Let me introduce Ken Allen, Deputy Commissioner of the Rate Regulation Branch of the California Department of Insurance (“CDI”).

Ken has been with CDI for over 31.5 years with all of his time being in the Rate Regulation Branch.  He started at CDI right after graduating from California State University, Fullerton with a degree in mathematics.  This was 1989 which was just after the state passed Proposition 103 which, among other changes, included the requirement of prior approval of property and casualty rates, including personal auto and homeowner insurance.  Thus, this new division of Rate Regulation Branch was created at the CDI and began Ken’s professional career.

As a new branch with new employees just entering a career in insurance, CDI brought in senior insurance examiners to help train and educate the new team on insurance and its myriad of rules and requirements.  It was a collective effort to get this new group up and running.  He had many mentors and benefitted from working with various experts.  These experts provided Ken with different experiences and insights.

Currently, the Rate Regulation Branch has 97 positions, which consists of management, actuaries, support staff, and a group of analysts that are dedicated to special projects as well as work specific to Prop 103 related reports and ratemaking support.  A little less than two-thirds of the 97 positions are for rate analysts that review the rate filings. The Rate Regulation Branch reviewed approximately 6,800 filings in 2020.

In Ken’s professional growth, he learned through a series of interactions from each person and honed his managerial skills.  One such person was Woody Girion, a prior Deputy Commissioner.  He learned from Woody to never come to him with only the problem.  Woody expected him to research possible solutions and to come with his thoughts on a proposed best solution for them to discuss.

Another person Ken learned from was Joel Laucher, Deputy Commissioner (Joel succeeded Woody as Deputy Commissioner of the Rate Regulation Branch).   Ken learned that insurance presentations did not have to be dry and boring.  If you ever attended a Western Chapter E-Day where Joel was a speaker, you learned quickly that regulators can and do have personalities!  Ken learned to incorporate humor and surprises into his presentations.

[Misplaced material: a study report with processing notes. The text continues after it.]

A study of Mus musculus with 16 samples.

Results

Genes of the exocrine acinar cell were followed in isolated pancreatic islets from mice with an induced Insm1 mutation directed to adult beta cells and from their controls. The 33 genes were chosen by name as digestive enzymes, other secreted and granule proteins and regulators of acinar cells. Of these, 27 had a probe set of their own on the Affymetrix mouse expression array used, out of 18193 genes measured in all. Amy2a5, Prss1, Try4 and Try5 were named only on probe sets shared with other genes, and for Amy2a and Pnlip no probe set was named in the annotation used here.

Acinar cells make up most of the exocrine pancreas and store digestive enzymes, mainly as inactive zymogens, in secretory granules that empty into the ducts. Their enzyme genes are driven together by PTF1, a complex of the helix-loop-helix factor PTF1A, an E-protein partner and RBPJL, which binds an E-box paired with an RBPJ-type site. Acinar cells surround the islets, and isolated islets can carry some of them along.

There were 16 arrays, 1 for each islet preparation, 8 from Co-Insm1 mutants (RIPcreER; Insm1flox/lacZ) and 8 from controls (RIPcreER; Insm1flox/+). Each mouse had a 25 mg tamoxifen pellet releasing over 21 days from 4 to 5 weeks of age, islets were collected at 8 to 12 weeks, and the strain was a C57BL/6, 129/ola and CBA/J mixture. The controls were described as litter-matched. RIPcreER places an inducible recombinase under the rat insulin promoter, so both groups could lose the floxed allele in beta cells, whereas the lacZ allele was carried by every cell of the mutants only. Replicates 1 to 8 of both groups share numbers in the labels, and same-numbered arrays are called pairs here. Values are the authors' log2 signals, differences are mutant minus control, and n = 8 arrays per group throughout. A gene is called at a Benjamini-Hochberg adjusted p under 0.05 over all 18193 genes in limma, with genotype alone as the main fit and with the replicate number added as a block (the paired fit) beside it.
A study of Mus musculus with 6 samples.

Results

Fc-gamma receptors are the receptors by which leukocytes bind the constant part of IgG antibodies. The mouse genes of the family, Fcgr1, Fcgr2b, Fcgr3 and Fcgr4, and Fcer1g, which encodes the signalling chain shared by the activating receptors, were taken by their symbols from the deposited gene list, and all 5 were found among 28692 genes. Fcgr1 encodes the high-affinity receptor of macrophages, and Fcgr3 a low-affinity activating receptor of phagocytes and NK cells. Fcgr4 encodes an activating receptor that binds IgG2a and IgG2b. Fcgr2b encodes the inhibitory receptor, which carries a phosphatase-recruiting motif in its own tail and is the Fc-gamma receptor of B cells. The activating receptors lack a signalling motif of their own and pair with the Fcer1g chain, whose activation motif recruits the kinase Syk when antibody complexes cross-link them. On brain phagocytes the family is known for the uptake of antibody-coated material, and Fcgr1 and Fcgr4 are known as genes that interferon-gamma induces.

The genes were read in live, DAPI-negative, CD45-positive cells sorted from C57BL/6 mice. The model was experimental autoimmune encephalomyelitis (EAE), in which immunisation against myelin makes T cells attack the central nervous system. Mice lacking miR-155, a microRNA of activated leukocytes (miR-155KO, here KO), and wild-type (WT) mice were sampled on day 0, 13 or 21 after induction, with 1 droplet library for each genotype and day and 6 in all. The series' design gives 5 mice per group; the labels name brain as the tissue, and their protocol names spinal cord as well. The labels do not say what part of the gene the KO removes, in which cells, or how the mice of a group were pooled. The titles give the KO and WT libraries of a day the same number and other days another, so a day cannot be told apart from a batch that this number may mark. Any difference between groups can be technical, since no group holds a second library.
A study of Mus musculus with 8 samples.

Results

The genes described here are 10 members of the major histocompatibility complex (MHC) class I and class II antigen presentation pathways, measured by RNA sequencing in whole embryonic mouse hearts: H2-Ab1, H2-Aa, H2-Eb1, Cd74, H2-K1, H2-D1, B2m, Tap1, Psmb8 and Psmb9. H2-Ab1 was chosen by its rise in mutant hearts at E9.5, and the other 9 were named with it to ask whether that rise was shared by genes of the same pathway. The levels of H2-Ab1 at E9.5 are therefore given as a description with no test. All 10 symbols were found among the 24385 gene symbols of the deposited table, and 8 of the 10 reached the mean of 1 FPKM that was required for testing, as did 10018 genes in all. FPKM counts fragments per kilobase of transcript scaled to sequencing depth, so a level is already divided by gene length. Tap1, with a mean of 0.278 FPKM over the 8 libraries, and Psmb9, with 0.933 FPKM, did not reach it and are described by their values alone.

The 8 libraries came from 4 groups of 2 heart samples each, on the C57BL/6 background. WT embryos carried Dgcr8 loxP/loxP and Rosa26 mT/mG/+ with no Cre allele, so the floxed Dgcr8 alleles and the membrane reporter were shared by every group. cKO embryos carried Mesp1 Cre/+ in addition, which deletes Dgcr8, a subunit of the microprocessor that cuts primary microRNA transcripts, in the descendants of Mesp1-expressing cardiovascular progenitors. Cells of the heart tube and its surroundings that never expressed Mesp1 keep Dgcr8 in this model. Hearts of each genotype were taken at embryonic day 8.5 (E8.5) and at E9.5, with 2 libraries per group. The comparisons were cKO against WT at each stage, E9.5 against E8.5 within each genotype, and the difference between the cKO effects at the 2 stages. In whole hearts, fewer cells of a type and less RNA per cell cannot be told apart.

What Ken also learned from his many great mentors is to be courteous, professional and keep colleagues and others informed and updated with progress.  He holds himself to his words and actions and is respectful and responsible.  He also holds others to these.  He works with open lines of communication.  If a mistake is made, simply own up to it and grow and learn from it.

Besides a degree in mathematics, Ken holds his CPCU designation and AIE (Accredited Insurance Examiner) through IRES.

Through his personal travels and to industry meetings, such as NAIC and IRES, he makes the time to take side trips.  He has been to 41 different major league stadiums (some old ones, like the old Detroit Tigers stadium) and the newer ones.  He is a “ballpark chaser” as he has been to a home game of each major league team and some minor league teams.  One of the joys of going to these baseball stadiums is striking up conversations with the local residents.  You can learn so much from just speaking to your stadium seatmates.

Ken is also a hockey fan.  He is an inaugural co- season ticket holder of the Anaheim Ducks and has been since their 1993 start, so you will often find Ken at the Honda Center for a home game.

Ken has presented at the Western Chapter and Northwest Chapter E-days.  He was under the impression the AICP would be a stuffy, professional group.  He met Carol Heard from the Western Chapter and he learned that the members were serious in learning but were also enjoying themselves.  AICP is not what he initially thought it would be.  He appreciates the relationships built from attending these AICP events and he knows that these relationships help with conversations between the industry and regulators.  The result of the conversation may not be to the liking of industry representatives but we may gain a better understanding of the Department’s positions (and vice versa).  These relationships help soften the blow when there may be a contentious issue.

Besides working and enjoying sports, Ken is married and he and his wife have a daughter who is a senior in high school.  No discussions now-a-days can be had without discussing how COVID-19 has impacted one’s life.  His daughter is attending her senior year virtually.  He says it has been a tough year as she has not been able to participate in typical high school activities.  She is getting those college applications submitted and will be off to college next year.

Ken is also working remotely now.  He used to commute two hours (one-way) on the commuter train with a mile walk from the station to the office.  In his walk he would pass the Los Angeles City Hall building.  On one side of the building there is a plaque with the inscription from the Roman scholar, Cicero, which reads, “He that violates his oath profanes the divinity of faith itself.”   Seeing that every day reaffirmed Ken’s pledge and oath to be a good civil servant and to do everything he can to uphold his oath to the citizens of California.  That is Ken’s guiding principle which is consistent with his professional code of honor by being respectful and courteous to those he meets and with whom he works.

Thank you, Ken, for sharing yourself with the members of the AICP.  We look forward to having you at an upcoming chapter event and possibly at our national meeting in San Diego, CA in 2021.

Interview conducted by Karen Crooks. Thank you, Karen!